The government is consulting on proposals to introduce a 9pm watershed on TV and online adverts for food and drinks that are high in fat, sugar or salt (HFSS).
The consultation sets out proposals to tighten advertising restrictions and limit children’s exposure to HFSS foods across the media, in a bid to encourage the industry to develop healthier alternatives.
The restrictions would include a 9pm watershed ban on TV, online streaming sites and social media, and would target foods that contribute most to children’s intake of calories, but would not apply to everyday staples such as butter, oil or meat.
Culture secretary Jeremy Wright said childhood obesity was “one of the biggest health problems that our country faces”.
“With children spending more time online it’s vital that we look at all options to help us take action and improve the health of the nation. The UK already has some of the toughest advertising restrictions in the world, but it is only right that we explore the impact that further action on TV and online advertising for products that are high in fat, salt or sugar will have on childhood obesity.”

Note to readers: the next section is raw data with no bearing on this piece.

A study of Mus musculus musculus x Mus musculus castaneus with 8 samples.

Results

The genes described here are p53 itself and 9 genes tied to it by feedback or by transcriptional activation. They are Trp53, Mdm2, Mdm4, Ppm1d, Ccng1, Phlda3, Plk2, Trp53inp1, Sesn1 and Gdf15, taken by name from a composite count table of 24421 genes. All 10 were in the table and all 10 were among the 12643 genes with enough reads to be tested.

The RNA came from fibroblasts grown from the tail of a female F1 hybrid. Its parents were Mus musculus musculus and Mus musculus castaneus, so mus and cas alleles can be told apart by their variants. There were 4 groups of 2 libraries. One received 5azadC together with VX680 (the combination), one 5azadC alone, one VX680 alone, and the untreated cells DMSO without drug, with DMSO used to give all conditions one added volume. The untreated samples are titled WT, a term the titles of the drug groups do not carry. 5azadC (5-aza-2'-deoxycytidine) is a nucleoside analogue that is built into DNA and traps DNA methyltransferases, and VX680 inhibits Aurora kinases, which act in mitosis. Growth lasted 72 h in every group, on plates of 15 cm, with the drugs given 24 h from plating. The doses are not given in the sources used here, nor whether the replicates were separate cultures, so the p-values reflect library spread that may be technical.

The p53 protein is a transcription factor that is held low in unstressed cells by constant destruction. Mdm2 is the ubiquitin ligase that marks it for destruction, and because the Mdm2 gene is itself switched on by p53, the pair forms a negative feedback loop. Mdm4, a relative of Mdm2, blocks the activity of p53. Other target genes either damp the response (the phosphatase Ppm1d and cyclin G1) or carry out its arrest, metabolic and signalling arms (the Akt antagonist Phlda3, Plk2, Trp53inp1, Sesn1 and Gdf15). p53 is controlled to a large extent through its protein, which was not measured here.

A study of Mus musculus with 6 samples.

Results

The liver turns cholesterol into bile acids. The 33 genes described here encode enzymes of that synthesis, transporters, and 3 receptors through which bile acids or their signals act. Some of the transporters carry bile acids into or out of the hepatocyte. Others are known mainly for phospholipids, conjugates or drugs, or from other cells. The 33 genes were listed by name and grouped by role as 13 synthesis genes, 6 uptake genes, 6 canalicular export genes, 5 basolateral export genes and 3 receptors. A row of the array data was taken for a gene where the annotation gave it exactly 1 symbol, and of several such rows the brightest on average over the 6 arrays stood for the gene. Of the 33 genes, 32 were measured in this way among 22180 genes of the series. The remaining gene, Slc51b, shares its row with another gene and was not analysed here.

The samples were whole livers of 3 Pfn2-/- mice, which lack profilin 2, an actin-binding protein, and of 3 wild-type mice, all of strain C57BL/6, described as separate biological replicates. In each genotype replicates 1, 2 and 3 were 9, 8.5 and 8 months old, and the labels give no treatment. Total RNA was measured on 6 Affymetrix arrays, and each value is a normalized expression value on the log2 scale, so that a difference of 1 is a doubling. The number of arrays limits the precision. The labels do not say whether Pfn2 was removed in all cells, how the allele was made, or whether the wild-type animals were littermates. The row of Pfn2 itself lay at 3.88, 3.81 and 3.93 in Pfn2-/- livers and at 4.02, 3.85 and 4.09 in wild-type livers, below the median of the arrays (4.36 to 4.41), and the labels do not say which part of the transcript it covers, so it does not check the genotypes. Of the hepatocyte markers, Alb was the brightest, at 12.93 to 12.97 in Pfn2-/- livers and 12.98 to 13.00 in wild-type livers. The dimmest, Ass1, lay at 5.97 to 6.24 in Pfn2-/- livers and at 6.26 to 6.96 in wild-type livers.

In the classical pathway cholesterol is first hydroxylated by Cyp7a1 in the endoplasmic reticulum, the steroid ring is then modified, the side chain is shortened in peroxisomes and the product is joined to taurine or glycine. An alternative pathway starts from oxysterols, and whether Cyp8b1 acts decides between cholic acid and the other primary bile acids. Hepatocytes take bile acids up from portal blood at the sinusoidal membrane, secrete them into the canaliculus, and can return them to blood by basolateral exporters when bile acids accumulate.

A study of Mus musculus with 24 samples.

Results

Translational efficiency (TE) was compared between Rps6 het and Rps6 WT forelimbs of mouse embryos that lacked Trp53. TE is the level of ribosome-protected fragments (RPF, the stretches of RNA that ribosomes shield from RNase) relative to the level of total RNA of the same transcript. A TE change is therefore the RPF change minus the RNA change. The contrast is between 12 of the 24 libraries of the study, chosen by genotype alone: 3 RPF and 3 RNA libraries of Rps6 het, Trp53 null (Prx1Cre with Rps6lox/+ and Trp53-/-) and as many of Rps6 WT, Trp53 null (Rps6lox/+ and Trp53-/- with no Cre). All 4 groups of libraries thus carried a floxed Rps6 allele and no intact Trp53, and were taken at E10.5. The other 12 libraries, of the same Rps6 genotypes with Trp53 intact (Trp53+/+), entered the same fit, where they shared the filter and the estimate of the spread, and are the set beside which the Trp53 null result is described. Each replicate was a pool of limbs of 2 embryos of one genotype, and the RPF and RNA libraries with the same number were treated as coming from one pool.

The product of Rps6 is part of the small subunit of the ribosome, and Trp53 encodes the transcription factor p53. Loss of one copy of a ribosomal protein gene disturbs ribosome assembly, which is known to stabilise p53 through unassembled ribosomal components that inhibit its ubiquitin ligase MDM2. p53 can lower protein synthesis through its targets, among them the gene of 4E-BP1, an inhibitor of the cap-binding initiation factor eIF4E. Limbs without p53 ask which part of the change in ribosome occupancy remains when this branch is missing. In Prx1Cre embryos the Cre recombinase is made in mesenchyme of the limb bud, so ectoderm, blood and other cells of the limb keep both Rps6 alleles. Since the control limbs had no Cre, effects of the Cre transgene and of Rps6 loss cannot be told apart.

The proposals are part of a wider series of measures that will support the NHS Long Term Plan, which aims to help halve childhood obesity by 2030.
Health secretary Matt Hancock added: “We know these adverts are shown on TV during prime family viewing time, and the evidence suggests this is increasingly being mirrored online too.
“With a scant 1% of adverts for fruit and vegetables, it’s clear there is plenty of room to balance things out. We led the world with our soft drinks levy and today we are proposing to take similar world-first action – for the good of our children’s health.”